Cordless Electric Mowers: Mowing Down Pollution

Cordless electric mowers are easy to use and work as well as gas mowers.

| April/May 2009

As fossil fuels become more scarce (and expensive!), it’s a wise idea to consider more seriously how we use these resources. Americans use more than 800 million gallons of gasoline every year to mow lawns. That may be just a fraction of the 142 billion gallons used annually for all gasoline engines in the United States, but it’s a big source of pollution. Operating a lawn mower for one hour produces as much pollution as driving a car 93 miles.

Enough is enough! A couple years ago, I decided I could no longer ignore the pernicious environmental effects I was causing by mowing my lawn with a gasoline-powered machine. So I decided to switch to cordless electric mowers, and MOTHER EARTH NEWS asked me to try out a range of them.

Electric mowers can be recharged using electricity generated by renewable energy, such as solar or wind. But even if you use electricity generated from burning fossil fuels, it creates less pollution than would come from using a gas mower.

The Test Lawn

My lawn is not a refined and perfect middle-of-the-suburbs lawn. It’s pretty much what grew up of its own accord when the grading was finished around the house, supplemented here and there with some grass seed where nothing seemed to volunteer for ground-cover detail. If left to its own preferences, my lawn would probably be a hayfield. But it actually looks nice, if I keep it mowed. And it is a good test plot for lawn mowers. If a mower can make my lawn look good, it can handle any normal lawn with ease.

The summer of 2008 was challenging for testing lawn mowers. It rained, and rained again, and then rained some more. I was rarely able to mow the lawn when the grass was the right height for mowing. Almost every time I had a window of opportunity for mowing, the grass was too long, and it presented a challenge that some electric mowers met much better than others.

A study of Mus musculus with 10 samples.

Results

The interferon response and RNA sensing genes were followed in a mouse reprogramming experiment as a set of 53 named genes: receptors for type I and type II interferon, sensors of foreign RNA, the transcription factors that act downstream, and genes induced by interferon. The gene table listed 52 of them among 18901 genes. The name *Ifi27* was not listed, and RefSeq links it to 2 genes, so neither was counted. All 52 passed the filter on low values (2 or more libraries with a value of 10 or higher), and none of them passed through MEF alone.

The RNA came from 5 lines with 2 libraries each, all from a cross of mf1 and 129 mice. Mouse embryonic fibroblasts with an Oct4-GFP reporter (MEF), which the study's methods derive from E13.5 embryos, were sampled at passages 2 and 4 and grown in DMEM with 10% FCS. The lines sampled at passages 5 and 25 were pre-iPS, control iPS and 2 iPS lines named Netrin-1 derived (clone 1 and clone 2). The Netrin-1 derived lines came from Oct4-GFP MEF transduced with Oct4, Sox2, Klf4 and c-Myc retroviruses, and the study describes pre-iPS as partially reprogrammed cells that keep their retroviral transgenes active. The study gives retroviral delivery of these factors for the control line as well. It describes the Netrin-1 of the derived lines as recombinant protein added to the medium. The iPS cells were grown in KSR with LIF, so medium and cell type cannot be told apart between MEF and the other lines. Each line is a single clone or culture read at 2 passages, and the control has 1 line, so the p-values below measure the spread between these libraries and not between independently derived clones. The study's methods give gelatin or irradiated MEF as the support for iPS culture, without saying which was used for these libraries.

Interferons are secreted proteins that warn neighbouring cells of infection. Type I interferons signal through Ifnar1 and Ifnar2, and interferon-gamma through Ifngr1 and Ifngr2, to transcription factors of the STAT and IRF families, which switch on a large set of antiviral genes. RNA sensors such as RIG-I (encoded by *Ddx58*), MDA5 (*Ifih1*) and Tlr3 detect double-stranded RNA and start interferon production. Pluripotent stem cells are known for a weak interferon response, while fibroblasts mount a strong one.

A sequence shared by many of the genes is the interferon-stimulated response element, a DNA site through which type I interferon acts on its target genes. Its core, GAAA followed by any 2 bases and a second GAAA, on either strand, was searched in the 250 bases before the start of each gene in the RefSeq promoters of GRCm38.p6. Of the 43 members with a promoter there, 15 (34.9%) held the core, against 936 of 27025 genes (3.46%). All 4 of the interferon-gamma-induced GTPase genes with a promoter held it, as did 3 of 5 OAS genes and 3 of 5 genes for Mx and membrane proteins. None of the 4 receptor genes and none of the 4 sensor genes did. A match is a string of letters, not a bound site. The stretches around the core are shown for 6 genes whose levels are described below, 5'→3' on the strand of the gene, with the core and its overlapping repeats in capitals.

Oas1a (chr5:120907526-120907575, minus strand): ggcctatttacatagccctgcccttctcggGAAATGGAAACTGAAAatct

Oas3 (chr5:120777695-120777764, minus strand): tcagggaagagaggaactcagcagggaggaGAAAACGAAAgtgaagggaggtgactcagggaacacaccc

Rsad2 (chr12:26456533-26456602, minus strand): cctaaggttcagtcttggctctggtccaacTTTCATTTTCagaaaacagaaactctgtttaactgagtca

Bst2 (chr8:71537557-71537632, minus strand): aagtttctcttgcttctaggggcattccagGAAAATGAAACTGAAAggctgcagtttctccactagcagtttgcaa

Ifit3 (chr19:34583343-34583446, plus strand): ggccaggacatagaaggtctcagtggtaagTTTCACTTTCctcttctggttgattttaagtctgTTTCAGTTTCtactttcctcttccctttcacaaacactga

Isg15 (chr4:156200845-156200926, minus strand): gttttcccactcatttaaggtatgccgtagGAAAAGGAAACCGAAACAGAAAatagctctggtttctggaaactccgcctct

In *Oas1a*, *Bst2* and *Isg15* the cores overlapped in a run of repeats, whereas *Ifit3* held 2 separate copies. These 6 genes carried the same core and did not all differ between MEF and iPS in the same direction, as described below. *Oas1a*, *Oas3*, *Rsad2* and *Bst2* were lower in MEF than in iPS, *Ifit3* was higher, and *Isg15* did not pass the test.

The Test Lawn Mowers

Just a few years ago, there were only a couple cordless mowers to choose from. Now, there are about six, of which I tested four: the Black & Decker CMM1200, the Neuton CE 5.2, the Neuton CE 6.2 and the Remington MPS6017A. All have all-wheel height adjustment with one control and can operate in mulching mode (chopping up the clippings instead of blowing them out the side) or bag mode (collecting the clippings in an attached bag). The Black & Decker and Remington models also have a side-discharge option (clippings are blown out the side), which is standard on the Neuton models. Performance for all the mowers was best in mulch mode.

Dennis Miller_2
6/21/2009 12:32:01 PM

I use gas engines or 120VAC motors for everything except a Dewalt cordless drill. I've also found out that small engines really react favorabally to 93 and 94 octane fuel. Tried it sometime! The boost in horse power is incredible! I've had other battery operated devices but I simply detest the short energy cycle and hate even more when the battery voltage starts to plummet in the middle of a job. Maybe I have larger jobs than those who posted below. I agree with Dan to some extent. Americans should be free to use whatever equipment they chose without fear of other politically motivated people ganging up to force them into buying something they don't want. I believe in Global Climate Change as dictated by Mother Nature... and not the global warming as invented by Al Gore. Mother Nature always wins out.

Dan Ogden
5/16/2009 10:01:06 AM

You people who want to get rid of grass lawns because their maintenance is somehow supposedly harmful to the environment are loony! I'm interested in cordless lawn mowers because I'm tired of the maintenance costs and hassles of gas lawn mowers, not because of some environmentalist-wacko concern. I love having a grass yard and hopefully environmental leftists such as those who have made comments above won't take away my and others sensible people's enjoyment of a grass yard.

Barbara Smith_6
5/6/2009 7:49:20 AM

Rechargeable lawn mower seems like a silly idea to me. My old rotary mower (cost less than $100) uses human power to push it, needs no recharging. Lawns are wasteful of our water supply, should be kept to a minimum at any responsible home. Vegetable and flower gardens, wildflowers, fruit and nut trees could replace that non-productive, outdated luxury--the lawn.